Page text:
We were new in Seattle, having just moved 2 month earlier from Virginia. We knew from our earlier stay in Seattle that it rains a lot and the weather is always cloudy. But on the day we drove into the city in spring, the Emerald city welcomed us with a beautiful sunshine. The lakes exhibited their blue color and Sakura was in its full bloom, reminding us of our Dai-ni-no-Furusato (second home) Japan. We just need DANGO to celebrate Ohanami: Dango ga hoshii na.
We enjoyed the beautiful spring of Seattle while being busy settling down. Two months just flew. It was a beautiful Saturday morning and my husband decided to take me on a drive to show me his office and around downtown Seattle. Mild sun of May felt so warm and pleasant. Kimochi-ii! We drove the up-hill and down-hill roads admiring snow capped hills in the horizon, beautiful lakes, space needle and Seattle landscape. The Mt. St. Helens looked just like Chokai san.
We reached my husband’s office and parked in the parking lot. He said “let me show you something, you will love it”. We climbed up some stairs and came to another parking lot. We walked along to the end and suddenly I realized WOW!!! What a scene. Is this KIKI’s machi? There were many private boats berthed alongside wooden piers, some boats were about to leave, people were on the deck with kids, dogs. May be going fishing or just a boat ride. Some were kayaking, sea planes were landing and taking off. Sea birds were flying around too!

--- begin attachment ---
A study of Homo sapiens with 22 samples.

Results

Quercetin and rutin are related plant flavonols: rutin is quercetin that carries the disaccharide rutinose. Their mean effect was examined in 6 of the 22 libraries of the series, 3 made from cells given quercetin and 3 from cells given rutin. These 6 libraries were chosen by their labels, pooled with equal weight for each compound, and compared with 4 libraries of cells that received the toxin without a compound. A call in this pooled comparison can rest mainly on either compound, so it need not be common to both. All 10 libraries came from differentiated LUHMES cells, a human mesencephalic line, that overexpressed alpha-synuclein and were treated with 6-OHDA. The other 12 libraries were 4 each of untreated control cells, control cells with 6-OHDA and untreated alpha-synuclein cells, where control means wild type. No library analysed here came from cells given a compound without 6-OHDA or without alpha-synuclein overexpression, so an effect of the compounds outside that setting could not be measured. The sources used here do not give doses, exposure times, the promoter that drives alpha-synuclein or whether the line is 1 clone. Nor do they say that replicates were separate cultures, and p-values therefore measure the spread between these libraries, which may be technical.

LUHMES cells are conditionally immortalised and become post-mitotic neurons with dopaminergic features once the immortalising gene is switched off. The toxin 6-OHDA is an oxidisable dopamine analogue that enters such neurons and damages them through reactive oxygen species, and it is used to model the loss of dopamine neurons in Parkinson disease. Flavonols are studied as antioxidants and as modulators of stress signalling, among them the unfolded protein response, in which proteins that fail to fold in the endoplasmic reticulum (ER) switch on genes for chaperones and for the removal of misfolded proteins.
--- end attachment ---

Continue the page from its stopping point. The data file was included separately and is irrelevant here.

|Driving towards Seattle downtown
along interstate I-5
||Looking towards Lake Union
from my Husband’s Office
It was Lake Union. I remembered Majo-no-takyubin (Kiki’s delivery service), Umi-mo-yama-mo-aru-machi. I love being in Seattle, I told myself.
On the way back home, we drove through Bellevue city. Suddenly, I yelled at my husband “turn right, turn right”. He was confused, ‘why?’ he asked. ‘There, I saw a Japanese grocery store!’ I was so excited, dai-hakken-da!
We went inside. How exciting, they had everything: umeboshi, tsukemono, sake, umesyuu, natto, furikake, ochatsuke. Ureshii, Ureshii!! My husband was looking for kaki-no-tane. Actually there are some Chinese, Korean stores selling kaki-no-tane but the taste is different from Japanese. We found Japanese kaki-no-tane. The lady who was arranging the shelves was Japanese and we talked in Japanese. She told us the Japanese kaki-no-tane was a limited edition (genteihin) so we grabbed a bunch. We also bought umeboshi, umesyuu, omusubi, tsukemono and, of course, DANGO for our Ohanami.
I was very happy because of my precious find (dai-hakken), and my husband was happy because he got the kaki-no-tane for his otsumami for the evening. We had a great day indeed.